Exclusive  Around 100 practices a year are taking the ‘last resort’ of applying to close their lists, but almost one in three is turned down.

Figures, obtained through a Pulse request to NHS England under the Freedom of Information Act, reveal there were 100 applications in 2014/15 and 99 the year before, more than double the 48 in 2012.

In the 20 areas that were able to provide full figures, 56 of the 188 applications – 30% – were turned down.

GP leaders said NHS managers should ‘respond positively’ to requests to close lists as they signalled practices were in distress, but NHS England told Pulse it turns down requests because of the impact on neighbouring practices.

Family Doctor Association chair Dr Peter Swinyard said asking to close a list is not something practices do lightly, but as a ‘last resort’ when they can no longer safely take new patients.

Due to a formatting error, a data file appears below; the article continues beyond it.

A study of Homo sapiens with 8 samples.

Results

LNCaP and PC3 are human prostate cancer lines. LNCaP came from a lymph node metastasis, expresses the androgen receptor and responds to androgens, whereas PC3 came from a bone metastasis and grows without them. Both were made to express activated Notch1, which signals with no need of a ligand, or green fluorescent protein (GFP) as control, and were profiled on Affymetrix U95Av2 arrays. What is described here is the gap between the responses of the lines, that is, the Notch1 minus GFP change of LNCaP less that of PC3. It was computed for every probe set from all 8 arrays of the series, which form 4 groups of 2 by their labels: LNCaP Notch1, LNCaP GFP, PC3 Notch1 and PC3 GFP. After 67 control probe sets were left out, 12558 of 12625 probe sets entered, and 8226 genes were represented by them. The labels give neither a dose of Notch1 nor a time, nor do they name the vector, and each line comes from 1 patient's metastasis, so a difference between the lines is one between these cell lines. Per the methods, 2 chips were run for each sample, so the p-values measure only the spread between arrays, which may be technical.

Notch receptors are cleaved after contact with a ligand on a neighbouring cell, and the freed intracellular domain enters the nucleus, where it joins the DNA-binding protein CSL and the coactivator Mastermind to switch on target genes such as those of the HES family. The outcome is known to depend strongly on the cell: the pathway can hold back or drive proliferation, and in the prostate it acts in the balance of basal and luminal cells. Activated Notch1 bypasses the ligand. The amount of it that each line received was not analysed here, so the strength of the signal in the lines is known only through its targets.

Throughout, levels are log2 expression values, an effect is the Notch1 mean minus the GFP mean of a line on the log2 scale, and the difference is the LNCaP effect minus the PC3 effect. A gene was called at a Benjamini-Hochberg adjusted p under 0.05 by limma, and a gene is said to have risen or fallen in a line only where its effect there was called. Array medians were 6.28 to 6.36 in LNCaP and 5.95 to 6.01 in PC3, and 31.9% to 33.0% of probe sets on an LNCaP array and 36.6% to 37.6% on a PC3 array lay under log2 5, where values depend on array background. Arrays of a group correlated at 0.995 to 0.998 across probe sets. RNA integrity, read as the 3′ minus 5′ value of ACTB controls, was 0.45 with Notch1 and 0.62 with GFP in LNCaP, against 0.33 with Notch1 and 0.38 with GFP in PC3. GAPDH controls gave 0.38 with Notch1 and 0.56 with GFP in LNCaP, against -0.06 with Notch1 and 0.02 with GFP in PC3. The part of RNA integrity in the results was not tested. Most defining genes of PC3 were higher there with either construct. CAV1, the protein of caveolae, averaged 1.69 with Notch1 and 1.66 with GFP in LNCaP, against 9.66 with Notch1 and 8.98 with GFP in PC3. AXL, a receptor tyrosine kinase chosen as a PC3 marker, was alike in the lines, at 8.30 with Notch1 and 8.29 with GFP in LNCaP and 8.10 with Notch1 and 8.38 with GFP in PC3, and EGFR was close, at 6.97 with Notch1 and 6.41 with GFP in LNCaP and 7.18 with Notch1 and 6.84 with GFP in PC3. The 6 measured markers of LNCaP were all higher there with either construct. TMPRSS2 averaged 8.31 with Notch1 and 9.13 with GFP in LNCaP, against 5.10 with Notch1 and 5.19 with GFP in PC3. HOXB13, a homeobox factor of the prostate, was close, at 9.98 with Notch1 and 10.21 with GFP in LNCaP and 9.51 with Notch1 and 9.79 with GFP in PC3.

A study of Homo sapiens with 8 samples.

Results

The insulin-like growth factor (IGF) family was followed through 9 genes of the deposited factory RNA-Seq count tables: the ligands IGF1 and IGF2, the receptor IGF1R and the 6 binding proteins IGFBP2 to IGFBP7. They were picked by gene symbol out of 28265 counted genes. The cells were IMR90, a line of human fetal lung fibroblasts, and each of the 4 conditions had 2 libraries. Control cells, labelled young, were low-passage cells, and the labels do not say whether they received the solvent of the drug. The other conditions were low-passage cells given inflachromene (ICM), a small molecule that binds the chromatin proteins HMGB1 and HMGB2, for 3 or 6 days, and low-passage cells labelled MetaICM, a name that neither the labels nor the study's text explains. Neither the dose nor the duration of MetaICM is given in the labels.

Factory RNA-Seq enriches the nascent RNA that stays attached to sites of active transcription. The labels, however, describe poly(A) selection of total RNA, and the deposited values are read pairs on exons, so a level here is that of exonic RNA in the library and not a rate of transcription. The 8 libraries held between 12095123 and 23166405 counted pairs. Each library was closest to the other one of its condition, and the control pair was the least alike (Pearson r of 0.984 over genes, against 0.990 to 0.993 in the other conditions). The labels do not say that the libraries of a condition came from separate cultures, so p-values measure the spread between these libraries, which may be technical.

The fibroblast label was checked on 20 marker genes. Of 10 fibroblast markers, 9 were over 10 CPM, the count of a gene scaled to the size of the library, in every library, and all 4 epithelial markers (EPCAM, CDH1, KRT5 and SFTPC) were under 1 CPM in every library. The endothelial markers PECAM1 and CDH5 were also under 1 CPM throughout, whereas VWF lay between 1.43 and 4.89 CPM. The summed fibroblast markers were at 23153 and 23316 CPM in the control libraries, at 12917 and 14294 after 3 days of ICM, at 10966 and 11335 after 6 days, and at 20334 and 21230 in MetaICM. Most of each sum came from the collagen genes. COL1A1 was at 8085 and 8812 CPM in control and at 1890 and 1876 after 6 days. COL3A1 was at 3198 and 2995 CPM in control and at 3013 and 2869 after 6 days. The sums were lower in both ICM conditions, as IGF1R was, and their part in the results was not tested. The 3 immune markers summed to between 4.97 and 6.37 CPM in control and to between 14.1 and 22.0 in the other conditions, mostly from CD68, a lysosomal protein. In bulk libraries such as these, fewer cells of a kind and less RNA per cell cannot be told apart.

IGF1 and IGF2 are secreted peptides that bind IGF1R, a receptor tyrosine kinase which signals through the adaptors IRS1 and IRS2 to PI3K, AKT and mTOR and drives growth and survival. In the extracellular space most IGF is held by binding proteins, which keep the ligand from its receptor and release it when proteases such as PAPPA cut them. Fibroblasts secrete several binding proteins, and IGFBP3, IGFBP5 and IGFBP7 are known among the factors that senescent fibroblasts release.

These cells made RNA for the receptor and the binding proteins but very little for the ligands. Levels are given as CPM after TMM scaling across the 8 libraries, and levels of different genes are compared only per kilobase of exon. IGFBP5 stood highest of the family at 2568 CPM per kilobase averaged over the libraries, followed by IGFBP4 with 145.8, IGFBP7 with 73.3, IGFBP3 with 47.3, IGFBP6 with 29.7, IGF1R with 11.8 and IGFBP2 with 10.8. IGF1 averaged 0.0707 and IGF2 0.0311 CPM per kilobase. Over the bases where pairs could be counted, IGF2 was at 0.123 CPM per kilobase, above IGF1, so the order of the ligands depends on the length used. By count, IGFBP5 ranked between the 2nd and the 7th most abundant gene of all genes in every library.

He said: ‘If you’re desperate enough to say “we have to close our list just to survive” and NHS England says “no”, I can imagine some partners will feel they are not getting any support and will feel compelled to hand in their resignations.’

GPC deputy chair Dr Richard Vautrey said such an application was a ‘red flag’.

He said: ‘It’s essential NHS England and CCGs respond positively to requests to close lists as these can be red-flag warnings of serious pressures in the practice that have become unsustainable.’

NHS England said: ‘When we receive a request to close a list, we consider the impact on patients as well as on neighbouring practices and services. We know GP practices are under pressure and we don’t wish to see a problem displaced elsewhere.’

Earlier this year, Pulse blogger Dr Hadrian Moss was threatened with a breach-of-contract notice after taking steps to close his practice’s list informally in line with GPC advice.

However, after Dr Moss persevered, NHS England told LMCs practices with short-term staffing problems could ‘temporarily’ stop taking new patients on an informal basis.

But it is not clear from the NHS England figures how many practices may have chosen to take this option.